INTRODUCTION AND AIMS

Cosmetic tourism, driven by the promise of inexpensive operations abroad, is popular despite warnings from professional bodies regarding the associated risks. Increasing numbers of individuals have presented to our department requesting NHS treatment of complications from such surgery. We set out to characterize these patients and evaluate costs incurred through their assessment and management.

MATERIAL AND METHODS

An observational study was conducted from 2007 to 2009 on patients presenting to a tertiary referral Plastic Surgery practice with complications of cosmetic tourism surgery. Demographic characteristics, as well as those related to the operation, were recorded. Hospital patient flow pathways were constructed, cost analysis performed using Patient Level Costing, and expenditure and profitability calculated.

KEY RESULTS

Most operations were performed in Europe or Asia, and were primarily breast augmentation procedures (n = 13). The principal complications were wound infection or dehiscence (wounds splitting open), and poor cosmetic results. Patients received NHS treatment, at a cost of £120,841. The mean cost for all patients’ management was £6360 (range: £114–£57,968), rising to £10,878 for those accepted for treatment.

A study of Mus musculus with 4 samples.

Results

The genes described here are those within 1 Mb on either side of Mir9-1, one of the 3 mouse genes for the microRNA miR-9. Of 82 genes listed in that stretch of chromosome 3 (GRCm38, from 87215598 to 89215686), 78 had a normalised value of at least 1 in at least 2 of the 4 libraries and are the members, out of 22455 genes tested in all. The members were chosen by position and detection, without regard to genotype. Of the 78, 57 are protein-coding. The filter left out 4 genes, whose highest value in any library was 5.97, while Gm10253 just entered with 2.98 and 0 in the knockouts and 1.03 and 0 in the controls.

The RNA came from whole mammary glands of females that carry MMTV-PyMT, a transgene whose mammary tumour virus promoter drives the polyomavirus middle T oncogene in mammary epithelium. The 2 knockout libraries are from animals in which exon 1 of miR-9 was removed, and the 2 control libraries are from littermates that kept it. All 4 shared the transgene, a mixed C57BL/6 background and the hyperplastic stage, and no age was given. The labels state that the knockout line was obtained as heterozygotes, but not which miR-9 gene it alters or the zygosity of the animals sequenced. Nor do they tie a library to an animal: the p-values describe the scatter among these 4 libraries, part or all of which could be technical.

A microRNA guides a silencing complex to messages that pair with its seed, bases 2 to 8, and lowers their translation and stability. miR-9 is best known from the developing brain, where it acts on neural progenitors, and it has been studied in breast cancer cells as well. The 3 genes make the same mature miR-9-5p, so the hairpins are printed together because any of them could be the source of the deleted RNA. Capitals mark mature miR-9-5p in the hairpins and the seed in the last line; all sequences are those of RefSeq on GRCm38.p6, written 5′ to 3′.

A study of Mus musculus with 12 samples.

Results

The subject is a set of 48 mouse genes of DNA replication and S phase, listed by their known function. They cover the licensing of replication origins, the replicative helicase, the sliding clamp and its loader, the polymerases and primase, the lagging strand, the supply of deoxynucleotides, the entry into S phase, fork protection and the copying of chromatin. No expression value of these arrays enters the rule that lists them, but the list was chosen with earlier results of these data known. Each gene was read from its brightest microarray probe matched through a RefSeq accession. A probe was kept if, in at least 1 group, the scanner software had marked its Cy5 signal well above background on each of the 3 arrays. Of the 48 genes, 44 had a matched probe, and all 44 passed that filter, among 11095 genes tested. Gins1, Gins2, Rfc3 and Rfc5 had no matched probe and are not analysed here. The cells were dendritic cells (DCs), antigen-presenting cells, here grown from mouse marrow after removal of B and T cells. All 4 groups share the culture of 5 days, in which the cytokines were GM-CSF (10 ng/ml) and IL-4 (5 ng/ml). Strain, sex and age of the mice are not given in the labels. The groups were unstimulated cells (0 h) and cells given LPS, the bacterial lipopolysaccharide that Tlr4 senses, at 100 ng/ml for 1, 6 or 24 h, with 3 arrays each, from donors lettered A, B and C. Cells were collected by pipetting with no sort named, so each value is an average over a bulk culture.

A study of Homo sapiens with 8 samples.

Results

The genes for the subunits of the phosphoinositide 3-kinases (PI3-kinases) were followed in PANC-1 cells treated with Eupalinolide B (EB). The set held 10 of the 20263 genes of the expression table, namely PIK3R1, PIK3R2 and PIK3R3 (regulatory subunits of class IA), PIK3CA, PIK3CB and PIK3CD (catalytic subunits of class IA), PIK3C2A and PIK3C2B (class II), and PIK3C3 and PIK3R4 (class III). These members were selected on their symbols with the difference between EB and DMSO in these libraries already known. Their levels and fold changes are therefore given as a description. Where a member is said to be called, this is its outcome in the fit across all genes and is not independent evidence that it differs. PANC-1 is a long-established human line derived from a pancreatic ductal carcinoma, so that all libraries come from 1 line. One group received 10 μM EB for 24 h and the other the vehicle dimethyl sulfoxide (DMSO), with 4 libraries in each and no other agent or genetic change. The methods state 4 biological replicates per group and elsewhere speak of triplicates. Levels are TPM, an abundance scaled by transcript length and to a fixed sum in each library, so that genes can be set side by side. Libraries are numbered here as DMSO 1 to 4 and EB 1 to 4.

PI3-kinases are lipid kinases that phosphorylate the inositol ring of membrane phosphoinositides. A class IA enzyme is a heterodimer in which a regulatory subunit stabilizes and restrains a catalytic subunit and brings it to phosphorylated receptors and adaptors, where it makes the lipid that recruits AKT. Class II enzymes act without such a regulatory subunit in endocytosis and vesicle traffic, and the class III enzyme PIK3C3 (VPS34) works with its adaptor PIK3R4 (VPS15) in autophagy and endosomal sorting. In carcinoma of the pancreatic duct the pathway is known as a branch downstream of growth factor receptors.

CONCLUSION

The costs to the NHS of managing complications of cosmetic tourism are substantial, and underestimated by central funding agencies.

Note

The cost to the Australian taxpayer is possibly higher than those stated above, and these costs were brought up with Dr Murray when he attended the federal budget dinner. Most insurers will not cover the cost of medical evacuation (approx $150,000AUD) and private repair of complications. A NSW study found over 40% of these overseas procedures needed repair.

Surgery is not time for a holiday and flying post-operatively greatly increases your risk of serious complications and even death. Additionally, many cosmetic surgery destinations are in third world countries that have a high rate of infection, HIV and Hepatitis C. Followup and prompt treatment of complications is more important than the surgery in many cases. Some complications do not show up for years afterward.

How much is your health and life worth?